I’m going to state right here and now — I have absolutely no problem with doorstop-length novels, if they’re written well and keep my interest. I know they’re not for everyone. Back in the 70s and 80s, doorstoppers were all over the place (I’m looking at you, Robert Jordan and Stephen King), topping over 200,000 words or so. But by the 90s, books got thinner and more compact — leading to more space on the store shelves for more titles.
Some say this was the publishers’ plan, asking for writers to produce shorter books so they could sell more varying titles. Others say that it was a change in reader taste, that the doorstopper is passé these days and readers prefer their word count to hover around 120k at the most. I’m not sure who’s right, but either way, it’s become tough to submit those things to the Big Pros nowadays. Unless you’re GRRM or Alan Moore.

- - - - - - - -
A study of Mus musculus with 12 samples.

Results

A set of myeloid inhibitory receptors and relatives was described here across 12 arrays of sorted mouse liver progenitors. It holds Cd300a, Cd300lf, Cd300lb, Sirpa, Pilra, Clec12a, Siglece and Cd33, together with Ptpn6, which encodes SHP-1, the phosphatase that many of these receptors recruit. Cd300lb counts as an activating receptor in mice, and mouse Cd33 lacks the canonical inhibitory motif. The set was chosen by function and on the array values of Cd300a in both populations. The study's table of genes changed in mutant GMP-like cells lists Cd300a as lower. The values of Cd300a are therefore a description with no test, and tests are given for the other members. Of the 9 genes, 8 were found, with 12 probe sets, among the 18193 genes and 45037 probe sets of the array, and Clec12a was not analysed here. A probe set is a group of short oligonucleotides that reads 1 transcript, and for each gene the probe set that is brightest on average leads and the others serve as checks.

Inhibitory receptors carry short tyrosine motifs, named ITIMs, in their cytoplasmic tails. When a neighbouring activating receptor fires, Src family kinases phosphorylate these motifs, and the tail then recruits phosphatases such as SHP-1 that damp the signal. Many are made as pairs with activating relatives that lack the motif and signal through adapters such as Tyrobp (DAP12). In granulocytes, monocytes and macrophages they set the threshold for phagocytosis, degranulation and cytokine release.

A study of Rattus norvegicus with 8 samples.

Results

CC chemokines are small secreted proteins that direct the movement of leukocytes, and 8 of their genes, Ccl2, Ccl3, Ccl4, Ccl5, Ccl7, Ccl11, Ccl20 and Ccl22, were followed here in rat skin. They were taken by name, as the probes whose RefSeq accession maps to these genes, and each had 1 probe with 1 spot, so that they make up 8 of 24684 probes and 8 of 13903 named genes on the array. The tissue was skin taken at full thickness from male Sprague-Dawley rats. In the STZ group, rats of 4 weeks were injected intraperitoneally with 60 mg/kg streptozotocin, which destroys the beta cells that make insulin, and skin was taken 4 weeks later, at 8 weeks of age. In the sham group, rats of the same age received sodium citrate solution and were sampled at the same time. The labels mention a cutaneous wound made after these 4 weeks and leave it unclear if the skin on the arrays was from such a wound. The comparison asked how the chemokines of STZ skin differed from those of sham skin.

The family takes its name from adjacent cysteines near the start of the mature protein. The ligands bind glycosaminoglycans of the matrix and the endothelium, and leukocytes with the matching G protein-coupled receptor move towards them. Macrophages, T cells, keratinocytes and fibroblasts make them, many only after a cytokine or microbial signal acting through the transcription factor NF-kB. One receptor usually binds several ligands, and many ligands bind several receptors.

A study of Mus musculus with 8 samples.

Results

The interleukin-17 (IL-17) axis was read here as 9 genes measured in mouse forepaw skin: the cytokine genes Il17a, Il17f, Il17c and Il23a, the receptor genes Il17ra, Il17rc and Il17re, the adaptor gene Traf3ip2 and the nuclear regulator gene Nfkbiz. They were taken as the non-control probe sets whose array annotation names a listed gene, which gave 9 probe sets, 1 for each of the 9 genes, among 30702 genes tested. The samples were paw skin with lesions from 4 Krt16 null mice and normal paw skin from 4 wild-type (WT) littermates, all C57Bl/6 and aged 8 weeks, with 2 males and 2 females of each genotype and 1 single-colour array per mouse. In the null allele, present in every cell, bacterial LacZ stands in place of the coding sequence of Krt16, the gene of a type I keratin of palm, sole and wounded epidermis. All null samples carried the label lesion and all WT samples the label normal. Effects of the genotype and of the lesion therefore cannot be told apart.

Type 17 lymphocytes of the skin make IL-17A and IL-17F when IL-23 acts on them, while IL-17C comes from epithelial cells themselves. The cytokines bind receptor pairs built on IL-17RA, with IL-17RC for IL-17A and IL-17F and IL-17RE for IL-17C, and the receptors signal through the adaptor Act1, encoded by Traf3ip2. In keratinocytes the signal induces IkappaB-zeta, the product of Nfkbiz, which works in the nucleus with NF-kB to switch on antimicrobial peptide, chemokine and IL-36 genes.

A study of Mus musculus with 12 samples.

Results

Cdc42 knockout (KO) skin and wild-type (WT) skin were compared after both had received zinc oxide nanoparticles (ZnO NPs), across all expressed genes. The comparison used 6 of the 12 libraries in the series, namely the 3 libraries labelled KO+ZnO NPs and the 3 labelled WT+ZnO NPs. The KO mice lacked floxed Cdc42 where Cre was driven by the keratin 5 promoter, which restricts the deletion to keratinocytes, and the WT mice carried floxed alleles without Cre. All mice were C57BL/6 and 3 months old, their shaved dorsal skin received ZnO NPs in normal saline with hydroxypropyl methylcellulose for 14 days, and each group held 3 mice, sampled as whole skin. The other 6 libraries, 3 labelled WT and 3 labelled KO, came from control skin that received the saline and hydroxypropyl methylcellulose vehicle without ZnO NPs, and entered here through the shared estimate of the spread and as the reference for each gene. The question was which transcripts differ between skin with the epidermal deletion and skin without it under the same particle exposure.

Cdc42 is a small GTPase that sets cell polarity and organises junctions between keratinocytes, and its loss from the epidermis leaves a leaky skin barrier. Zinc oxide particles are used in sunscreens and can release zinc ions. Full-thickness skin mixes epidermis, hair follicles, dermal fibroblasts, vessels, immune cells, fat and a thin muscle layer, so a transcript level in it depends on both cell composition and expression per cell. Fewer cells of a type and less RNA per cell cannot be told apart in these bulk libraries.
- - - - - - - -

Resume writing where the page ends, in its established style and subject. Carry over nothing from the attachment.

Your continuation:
But now that books are available digitally in a format that takes only a sliver of memory from your reader, the space for All The Books has expanded significantly. You can fit a surprising number of long tomes on a regular-sized reader, and some e-book providers will even let you store them on a cloud so you can create even more room on your reader.
But what does that mean about long books? Does this free the writer up to work on their long dreamed-of epic tale they’ve always wanted to write? Of course, at this time the only real avenue for that is probably the indie/self-pub route, but the question remains: does this mean the restriction for writing long books has loosened? Does this give the writer more breathing room to experiment?
And the big question: will readers’ tastes for long books change once more?